Understanding who’s liable when a contract is breached is necessary within construction disputes. Whether caused by the owner or the contractor, the damages and delays that occur within an active project need contractual clauses. With no emergency funds or binding agreements set aside, who’s at fault could become a debate. Liquidated damages is a mitigation option in construction law. Texas gives project owners the right to pursue a worker for damages.
When liquidated damages become relevant
Each day that passes where a construction project is extended past its date of completion, there are damages or errors that call for additional expenses. Material, rental and contractual needs are expenses even when no one is laboring. Deadlines are financially binding; therefore, missed deadlines require that more funding be found. Liquidated damages, being what fund an overdue project, consist of money set aside for the event of a setback.
Sure, project errors could be caused by a project’s owner, but liquidated damages come when the fault is a contractor’s. Misconduct, negligence and fraud could be charged against a contractor who knowingly or unprofessionally causes damage. Contractors who must extend their time due to errors they’ve made are an example of how a project qualifies for liquidated damages. Filing a motion for the funds, however, must not be done solely to punish a contractor.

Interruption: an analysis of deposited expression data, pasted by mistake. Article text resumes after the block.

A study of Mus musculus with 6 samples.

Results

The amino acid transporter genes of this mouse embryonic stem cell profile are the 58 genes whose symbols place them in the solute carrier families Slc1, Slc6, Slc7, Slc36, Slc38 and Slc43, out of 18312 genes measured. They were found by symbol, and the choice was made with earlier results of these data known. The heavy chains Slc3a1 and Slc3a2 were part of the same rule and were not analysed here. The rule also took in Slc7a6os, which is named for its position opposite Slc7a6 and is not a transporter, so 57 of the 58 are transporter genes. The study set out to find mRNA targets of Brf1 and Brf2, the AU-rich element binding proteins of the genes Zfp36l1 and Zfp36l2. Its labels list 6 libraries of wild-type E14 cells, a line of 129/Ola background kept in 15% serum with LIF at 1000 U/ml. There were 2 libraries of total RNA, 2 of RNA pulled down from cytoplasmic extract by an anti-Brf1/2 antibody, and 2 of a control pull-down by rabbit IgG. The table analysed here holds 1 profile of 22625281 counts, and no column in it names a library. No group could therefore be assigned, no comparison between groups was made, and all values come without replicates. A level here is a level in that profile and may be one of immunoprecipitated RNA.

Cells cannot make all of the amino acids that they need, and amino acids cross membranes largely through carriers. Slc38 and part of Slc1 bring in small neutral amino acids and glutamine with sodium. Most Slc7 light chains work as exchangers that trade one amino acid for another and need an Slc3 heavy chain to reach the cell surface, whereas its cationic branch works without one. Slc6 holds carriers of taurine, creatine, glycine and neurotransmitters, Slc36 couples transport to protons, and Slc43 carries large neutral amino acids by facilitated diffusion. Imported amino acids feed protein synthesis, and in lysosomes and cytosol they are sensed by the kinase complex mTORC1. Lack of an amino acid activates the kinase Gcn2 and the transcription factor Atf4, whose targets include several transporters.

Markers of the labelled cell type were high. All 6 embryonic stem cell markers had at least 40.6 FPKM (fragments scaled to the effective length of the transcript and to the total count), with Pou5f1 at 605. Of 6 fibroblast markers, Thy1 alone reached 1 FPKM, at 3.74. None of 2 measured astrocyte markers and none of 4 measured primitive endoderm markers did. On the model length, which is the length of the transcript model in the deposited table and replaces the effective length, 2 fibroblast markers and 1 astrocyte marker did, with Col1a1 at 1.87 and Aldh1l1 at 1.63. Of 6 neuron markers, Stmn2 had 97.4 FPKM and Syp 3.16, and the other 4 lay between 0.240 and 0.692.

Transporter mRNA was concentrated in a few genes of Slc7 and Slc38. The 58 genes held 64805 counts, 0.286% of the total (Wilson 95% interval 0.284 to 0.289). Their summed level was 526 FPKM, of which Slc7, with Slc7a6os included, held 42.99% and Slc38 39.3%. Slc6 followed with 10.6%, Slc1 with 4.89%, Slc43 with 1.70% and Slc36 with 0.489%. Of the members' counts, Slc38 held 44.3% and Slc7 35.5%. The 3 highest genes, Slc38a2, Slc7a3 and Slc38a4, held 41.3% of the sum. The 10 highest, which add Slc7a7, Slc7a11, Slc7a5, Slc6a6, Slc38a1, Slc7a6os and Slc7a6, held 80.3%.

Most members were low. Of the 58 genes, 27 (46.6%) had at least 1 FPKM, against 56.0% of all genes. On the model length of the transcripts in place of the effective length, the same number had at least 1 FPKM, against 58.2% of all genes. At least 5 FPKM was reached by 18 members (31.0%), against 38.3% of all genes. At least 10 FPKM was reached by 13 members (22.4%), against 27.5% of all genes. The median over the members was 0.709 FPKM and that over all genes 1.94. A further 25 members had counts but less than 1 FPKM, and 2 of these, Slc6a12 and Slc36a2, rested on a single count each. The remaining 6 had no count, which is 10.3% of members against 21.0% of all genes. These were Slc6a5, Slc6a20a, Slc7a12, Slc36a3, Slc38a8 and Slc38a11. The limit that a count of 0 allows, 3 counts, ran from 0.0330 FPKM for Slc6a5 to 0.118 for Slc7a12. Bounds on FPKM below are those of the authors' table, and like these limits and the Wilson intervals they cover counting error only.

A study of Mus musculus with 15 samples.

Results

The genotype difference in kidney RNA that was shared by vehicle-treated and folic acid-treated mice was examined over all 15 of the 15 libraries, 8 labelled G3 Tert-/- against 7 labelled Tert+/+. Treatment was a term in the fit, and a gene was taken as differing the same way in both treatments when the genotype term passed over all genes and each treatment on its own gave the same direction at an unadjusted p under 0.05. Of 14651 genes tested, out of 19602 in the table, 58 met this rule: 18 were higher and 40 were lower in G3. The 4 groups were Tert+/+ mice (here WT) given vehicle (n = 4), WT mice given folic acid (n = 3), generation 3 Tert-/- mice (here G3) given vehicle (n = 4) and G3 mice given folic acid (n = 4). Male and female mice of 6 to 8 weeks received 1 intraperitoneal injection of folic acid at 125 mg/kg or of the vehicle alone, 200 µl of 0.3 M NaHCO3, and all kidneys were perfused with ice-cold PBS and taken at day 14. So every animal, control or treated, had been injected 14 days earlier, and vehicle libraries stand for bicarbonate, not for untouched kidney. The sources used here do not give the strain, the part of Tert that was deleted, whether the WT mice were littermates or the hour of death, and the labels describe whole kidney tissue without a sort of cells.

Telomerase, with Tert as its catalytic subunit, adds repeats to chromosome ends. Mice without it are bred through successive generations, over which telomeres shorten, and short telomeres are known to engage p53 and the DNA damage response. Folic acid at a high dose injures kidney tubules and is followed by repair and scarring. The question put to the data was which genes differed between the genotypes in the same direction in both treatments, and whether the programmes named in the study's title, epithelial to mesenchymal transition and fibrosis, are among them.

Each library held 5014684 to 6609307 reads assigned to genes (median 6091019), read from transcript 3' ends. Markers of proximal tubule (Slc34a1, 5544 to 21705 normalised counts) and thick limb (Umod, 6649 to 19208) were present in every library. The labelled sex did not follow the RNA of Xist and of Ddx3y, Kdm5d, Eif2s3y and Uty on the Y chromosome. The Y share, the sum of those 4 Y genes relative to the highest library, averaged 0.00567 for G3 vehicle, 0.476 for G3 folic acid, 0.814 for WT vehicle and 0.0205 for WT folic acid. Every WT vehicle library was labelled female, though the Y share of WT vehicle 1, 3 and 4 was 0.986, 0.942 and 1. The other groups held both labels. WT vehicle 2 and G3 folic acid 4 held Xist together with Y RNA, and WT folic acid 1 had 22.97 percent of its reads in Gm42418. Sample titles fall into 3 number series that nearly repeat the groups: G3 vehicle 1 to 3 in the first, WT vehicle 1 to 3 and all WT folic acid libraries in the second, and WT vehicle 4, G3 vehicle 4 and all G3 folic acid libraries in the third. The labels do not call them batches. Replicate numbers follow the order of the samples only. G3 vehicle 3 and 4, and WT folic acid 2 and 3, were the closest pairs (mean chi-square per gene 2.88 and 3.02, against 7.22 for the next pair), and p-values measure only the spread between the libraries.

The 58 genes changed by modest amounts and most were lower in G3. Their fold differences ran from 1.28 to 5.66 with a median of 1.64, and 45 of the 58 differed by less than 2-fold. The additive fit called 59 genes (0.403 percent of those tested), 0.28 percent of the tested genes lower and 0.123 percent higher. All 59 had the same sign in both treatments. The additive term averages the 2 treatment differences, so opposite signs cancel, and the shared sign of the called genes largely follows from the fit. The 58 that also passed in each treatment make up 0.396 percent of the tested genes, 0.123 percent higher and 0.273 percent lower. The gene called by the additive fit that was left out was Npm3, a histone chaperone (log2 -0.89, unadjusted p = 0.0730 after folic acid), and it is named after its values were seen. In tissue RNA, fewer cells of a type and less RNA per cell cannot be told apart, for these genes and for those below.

Offering confidence and security
In construction law, “a loss, detriment, or injury to a person or a person’s rights or property,” are the legal elements that justify a claim for liquidated damages. The compensation paid as liquidated damages is issued under these guidelines:
- A specified amount per day
- A mutual agreement between both parties
- A clause that can clearly be enforced
Construction law in Texas
The closer a project is to completion, the less that liquidated damages is an option. Liquidated damages is not to simply punish a contractor. If severe neglect has been involved, then you have a right to have a contractor remedy the issue or cover your costs to do so.